When your company does business abroad it is important to understand how different countries deal with payments. There is a chance that your customer in Spain will not pay, for example. The economic crisis has made its contribution to the enormous increase in cases of nonpayment. What can you as creditor do?
1. Demanding payment
When your Spanish customer does not pay, you can send a claim for payment. It is important that the claim include an order/order confirmation, a waybill or bill or lading, and an invoice. Also, the general terms and conditions must be given to your customer in the correct way. The general terms and conditions must conform to both Dutch and Spanish statutory requirements and must not allow any room for dispute. If you customer does not pay within the term for payment you can contact the customer and send a demand for payment. Be tenacious, clear, and fast: Spanish debtors frequently try to gain time with vague arrangements for payment or disputes.
2. Assigning claims
Transfer the problem to Bierens Collection Attorneys when your customers don’t pay, even after formal demand. Bierens has a Spanish department in Amsterdam and its own office in Barcelona. Our employees have a perfect command of English and Dutch and Spanish, so they can fruitfully discuss your case with you and make collections in Spanish. Equally important, they are also well up on Spain’s laws, regulations, and its culture.
3. Dealing with collections in Spain
The Spanish legal system differs in a fundamental way from the Dutch legal system. In Spain protection of the debtor has priority. In the Netherlands the creditor enjoys the most important protection.
A. Extrajudicial collections
The lawyer will make both a written and a telephone demand upon the debtor for payment. If the debtor does not pay within the deadline set, legal action will be brought after consultations with you.
B. Court-ordered collections
All actions in Spain involving an interest greater than €2,000.00 must be brought by a lawyer and an attorney of record. They must show the court proof of their authority to represent you. They must submit a power of attorney executed before a civil-law notary.
There are different ways to bring legal action in Spain:
Proceso monitorio procedure
Processo monitorio is Spain’s order compelling payment. This action is relatively quick and inexpensive. The debtor is given a demand to make payment within twenty days or to raise a defense. In the absence of a defense judgment can be pronounced quickly. When there is a defense, a thorough action on the merits can be pursued.
Jucio Verbal procedure
Under the jucio verbal, after a summons is served the court schedules a session and issues a judgment no more than six weeks later. This proceeding is for claims up to €6,000.00.
Jucio Ordinario procedure or, an action on the merits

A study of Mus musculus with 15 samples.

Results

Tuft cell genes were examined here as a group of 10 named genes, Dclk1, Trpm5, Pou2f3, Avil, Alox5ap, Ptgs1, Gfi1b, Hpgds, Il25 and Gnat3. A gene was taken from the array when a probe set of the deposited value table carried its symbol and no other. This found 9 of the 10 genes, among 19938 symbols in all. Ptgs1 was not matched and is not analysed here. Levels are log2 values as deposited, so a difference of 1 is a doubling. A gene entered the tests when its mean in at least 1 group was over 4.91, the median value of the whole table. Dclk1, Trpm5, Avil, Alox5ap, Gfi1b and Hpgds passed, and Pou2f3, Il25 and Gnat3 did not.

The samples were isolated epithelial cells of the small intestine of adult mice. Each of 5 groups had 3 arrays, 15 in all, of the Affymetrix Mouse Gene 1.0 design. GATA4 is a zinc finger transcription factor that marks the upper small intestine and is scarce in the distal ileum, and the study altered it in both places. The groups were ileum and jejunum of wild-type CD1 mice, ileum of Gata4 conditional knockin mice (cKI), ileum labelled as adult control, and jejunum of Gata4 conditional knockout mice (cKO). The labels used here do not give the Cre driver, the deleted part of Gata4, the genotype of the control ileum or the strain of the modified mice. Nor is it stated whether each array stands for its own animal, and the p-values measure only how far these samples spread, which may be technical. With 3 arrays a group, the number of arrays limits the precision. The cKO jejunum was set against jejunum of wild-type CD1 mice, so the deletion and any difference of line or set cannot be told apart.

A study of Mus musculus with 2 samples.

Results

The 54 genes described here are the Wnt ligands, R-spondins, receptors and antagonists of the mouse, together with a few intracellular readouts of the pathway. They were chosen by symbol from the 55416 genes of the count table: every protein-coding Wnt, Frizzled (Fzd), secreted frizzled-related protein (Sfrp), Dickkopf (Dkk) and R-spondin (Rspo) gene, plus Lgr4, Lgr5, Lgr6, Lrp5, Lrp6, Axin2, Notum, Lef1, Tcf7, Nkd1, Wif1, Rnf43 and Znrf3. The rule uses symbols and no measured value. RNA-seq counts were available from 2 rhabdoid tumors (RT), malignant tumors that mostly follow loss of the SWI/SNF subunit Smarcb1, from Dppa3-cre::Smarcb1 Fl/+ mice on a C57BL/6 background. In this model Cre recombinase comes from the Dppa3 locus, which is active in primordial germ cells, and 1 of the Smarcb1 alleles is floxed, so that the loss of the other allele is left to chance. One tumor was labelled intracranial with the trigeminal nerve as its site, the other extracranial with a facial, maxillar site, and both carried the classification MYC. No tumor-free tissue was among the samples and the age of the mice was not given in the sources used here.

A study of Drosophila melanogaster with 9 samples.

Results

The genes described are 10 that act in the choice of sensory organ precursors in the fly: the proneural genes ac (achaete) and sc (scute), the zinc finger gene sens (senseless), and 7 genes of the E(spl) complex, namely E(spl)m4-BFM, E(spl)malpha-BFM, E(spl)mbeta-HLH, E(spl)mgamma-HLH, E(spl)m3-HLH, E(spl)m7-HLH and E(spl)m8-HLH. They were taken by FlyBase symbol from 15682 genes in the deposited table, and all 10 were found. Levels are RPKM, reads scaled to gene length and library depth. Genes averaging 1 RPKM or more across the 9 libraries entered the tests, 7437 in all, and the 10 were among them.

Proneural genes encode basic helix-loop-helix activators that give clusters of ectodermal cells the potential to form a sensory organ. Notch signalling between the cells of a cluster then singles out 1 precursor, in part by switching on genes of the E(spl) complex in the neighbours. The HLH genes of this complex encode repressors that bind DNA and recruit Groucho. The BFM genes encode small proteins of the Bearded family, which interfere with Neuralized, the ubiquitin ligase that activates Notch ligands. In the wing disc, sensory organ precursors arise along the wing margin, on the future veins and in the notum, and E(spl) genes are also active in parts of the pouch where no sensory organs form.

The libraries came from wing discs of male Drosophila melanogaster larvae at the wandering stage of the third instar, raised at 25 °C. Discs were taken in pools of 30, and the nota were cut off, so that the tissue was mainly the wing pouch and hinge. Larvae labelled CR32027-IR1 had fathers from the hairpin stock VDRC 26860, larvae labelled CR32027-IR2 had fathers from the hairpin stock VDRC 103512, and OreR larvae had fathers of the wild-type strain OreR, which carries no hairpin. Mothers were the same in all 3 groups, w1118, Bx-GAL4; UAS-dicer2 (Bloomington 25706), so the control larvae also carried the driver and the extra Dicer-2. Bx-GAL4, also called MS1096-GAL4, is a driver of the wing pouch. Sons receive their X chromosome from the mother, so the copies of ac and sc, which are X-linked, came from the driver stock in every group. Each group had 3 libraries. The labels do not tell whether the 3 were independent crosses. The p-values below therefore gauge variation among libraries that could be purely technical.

The Jucio Ordinario is used for claims greater than €6,000.00. This is a very thorough procedure, and can take one to two years.
Jucio cambiario procedure
Spain has a separate form of proceeding when your claim is based on an unpaid check or bill of exchange, the Jucio cambiario. A demand is made for payment within ten days and provides for the simultaneous attachment of the debtor’s property.
It is possible to apply for measures for a pre-judgment attachment before bringing legal action. This would require simultaneous urgency and necessity. Measures for pre-judgment attachment could then be granted in the subsequent action without the counterparty being heard. While Spanish law provides for this possibility, in practice the courts usually want to hear the counterparty. Attachment also requires the claimant to post collateral.
Spain has an insolvency proceeding that applies both to civil law debtors and to commercial debtors.
The insolvency proceeding can be instituted at the request either of the debtor or of the creditor, or at the request of partners personally liable for the debts of a partnership who apply for the institution of an insolvency proceeding,
The law requires a number of external facts for a creditor’s application to be accepted:
- The total suspension of payment obligations.
- The cessation of payment of tax assessments and social insurance assessments and/or salaries in the three months prior to the application for bankruptcy.
- The unsuccessful conclusion of enforcement proceedings based on a title or judgment.
- Property removed from the liquidation assets or a hasty sale of property yielding no proceeds.
5. Advice about debt collection in Spain
Would you like more information about collections or bringing legal action in Spain? Email email@example.com or telephone +31 20 312 11 00.
This website is about sharing knowledge. But if you have a claim to recover, you can go to the website of Bierens Debt Recovery Lawyers. For claims submitted by 4pm, a demand letter is sent the same day.